Martin Vällik's photo exhibition “Moon”
On 26 October, sky photographer Martin Vällik opened his photo exhibition “Moon” in the Delta Study and Research Building.
The exhibition features a selection of Martin Vällik's photographs and compositions from 2013–2022. The photos reflect various phenomena related to the Moon, such as the Moon's rising and setting, the change of its phases, Earthshine, eclipse, color play, and the relationship of the Moon with objects on the ground. Some moments have been caught on camera at a precisely calculated time. In exact place, others show rapidly changing light conditions during twilight, and still, others reflect different sides of the Moon in different phases, seasons, and weather conditions.
The overall design of the exhibition uses the movements and playful views of the celestial sphere: the photographs are placed in unexpected and unusual places in the building, lifting the visitor's gaze to the heights and distances. Martin Vällik's photos can be found on the first and second floors of the Delta, and you can pick up a map from the reception desk to help you find the exhibition spaces in the building. The exhibition „Moon“ will remain open until the end of February 2023 and is open to the public.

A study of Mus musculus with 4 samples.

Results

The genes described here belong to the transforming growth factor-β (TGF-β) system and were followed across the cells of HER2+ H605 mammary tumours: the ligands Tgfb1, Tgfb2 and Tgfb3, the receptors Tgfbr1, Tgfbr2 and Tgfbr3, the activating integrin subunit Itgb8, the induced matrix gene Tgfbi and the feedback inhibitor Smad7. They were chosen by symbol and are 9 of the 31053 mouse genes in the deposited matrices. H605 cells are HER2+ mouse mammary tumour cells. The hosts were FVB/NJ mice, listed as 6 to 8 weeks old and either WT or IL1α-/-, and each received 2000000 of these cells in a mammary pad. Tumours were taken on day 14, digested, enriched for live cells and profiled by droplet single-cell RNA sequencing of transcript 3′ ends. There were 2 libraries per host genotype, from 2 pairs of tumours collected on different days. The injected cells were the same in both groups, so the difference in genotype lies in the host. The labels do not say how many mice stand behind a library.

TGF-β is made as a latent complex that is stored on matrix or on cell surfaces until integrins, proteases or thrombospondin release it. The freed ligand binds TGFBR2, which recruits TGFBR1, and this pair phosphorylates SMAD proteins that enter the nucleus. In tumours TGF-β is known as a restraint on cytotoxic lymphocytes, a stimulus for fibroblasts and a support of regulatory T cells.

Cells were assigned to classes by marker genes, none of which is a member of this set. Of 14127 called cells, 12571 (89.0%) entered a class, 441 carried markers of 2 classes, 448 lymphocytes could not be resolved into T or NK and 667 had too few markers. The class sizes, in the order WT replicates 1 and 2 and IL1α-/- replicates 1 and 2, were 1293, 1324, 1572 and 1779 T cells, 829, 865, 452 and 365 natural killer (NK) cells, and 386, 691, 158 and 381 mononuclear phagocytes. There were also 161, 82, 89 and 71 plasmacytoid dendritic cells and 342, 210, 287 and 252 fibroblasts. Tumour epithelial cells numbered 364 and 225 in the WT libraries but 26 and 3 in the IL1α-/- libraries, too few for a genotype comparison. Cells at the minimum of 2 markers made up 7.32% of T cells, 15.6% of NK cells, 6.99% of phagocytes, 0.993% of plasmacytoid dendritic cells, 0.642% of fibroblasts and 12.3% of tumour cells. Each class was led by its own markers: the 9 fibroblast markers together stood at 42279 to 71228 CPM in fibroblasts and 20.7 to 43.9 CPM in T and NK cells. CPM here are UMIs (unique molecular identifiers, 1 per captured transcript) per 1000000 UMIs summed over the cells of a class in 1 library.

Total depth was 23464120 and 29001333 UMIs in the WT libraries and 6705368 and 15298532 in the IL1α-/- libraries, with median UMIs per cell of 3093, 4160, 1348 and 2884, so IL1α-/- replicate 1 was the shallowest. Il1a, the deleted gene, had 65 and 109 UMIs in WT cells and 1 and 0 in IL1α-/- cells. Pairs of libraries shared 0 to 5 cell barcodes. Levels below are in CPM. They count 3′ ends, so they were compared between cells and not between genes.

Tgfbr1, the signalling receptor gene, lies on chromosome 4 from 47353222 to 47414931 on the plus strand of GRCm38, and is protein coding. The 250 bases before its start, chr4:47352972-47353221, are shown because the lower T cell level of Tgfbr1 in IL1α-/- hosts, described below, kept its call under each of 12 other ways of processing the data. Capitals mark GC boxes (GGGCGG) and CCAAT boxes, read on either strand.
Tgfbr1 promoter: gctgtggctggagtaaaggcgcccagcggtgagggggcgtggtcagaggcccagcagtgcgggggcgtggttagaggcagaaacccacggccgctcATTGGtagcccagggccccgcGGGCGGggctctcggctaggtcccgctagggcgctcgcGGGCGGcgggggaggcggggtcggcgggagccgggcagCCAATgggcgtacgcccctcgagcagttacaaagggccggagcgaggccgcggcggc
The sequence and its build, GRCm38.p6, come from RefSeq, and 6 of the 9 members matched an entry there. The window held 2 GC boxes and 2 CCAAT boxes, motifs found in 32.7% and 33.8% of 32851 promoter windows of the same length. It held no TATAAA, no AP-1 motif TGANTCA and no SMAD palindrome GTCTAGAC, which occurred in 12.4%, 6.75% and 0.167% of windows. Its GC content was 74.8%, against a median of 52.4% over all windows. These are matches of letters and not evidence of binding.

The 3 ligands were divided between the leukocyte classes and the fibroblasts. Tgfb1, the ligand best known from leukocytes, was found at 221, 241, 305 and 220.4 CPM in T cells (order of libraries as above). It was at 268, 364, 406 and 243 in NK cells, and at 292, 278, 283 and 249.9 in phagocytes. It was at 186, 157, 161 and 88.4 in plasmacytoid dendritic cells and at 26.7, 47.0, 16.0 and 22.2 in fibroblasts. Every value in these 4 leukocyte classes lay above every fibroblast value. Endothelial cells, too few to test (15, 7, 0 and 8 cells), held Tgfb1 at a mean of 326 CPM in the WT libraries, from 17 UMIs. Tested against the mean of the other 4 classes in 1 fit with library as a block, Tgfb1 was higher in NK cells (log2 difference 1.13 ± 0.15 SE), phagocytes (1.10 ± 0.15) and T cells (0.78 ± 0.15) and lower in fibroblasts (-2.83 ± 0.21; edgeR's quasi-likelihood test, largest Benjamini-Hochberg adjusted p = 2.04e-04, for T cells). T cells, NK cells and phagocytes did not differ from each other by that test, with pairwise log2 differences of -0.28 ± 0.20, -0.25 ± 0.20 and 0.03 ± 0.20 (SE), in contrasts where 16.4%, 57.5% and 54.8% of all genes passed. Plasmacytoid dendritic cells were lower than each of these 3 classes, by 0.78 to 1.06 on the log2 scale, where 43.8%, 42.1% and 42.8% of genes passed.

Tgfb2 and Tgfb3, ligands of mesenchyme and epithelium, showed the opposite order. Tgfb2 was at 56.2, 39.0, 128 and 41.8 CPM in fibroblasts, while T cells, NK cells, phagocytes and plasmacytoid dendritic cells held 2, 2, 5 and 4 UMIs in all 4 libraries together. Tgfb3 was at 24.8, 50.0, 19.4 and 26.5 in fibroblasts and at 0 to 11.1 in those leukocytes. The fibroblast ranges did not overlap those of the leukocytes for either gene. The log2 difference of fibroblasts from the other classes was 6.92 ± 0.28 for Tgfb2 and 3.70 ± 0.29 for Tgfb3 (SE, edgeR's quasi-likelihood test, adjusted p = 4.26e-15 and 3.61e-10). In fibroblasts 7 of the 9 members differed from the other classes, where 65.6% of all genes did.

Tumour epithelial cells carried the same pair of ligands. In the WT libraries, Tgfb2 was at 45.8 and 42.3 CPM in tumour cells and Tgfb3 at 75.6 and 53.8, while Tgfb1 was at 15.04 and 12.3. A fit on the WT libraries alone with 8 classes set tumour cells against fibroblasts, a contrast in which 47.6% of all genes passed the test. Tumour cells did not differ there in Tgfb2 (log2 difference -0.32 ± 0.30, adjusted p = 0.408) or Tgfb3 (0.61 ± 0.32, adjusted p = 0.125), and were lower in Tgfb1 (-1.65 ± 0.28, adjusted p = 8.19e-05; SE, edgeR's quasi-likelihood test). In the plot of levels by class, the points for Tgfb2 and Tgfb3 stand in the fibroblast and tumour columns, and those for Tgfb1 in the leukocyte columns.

His first solo exhibition was held in the library of the University of Tartu in 1989. Still, the interest in astronomy that started in childhood manifested as photographs about ten years ago. He teaches physics at Tallinn English College. He is a member of the Estonian Physical Society, the Estonian Astronomical Society, and the Estonian Artists' Association.
Equipment used: cameras Canon EOS 700D, 760D, M6, and full-frame 6D mk II coupled with Meade 700 mm focal length and 102 mm diameter (f/6.9) apochromatic telescope and Canon EF 70-200 mm F/2.8L lens.
Together with the exhibition „Moon“, Kärt Summatavet's pieces from the series „Dialogues: Mythology and Artificial Intelligence“ can still be seen in the Delta Study and Research building. Kärt Summatavet’s exhibition was born during her professorship of Liberal Arts 2020–2021. The artworks are presented on the first and third floors of the Delta building.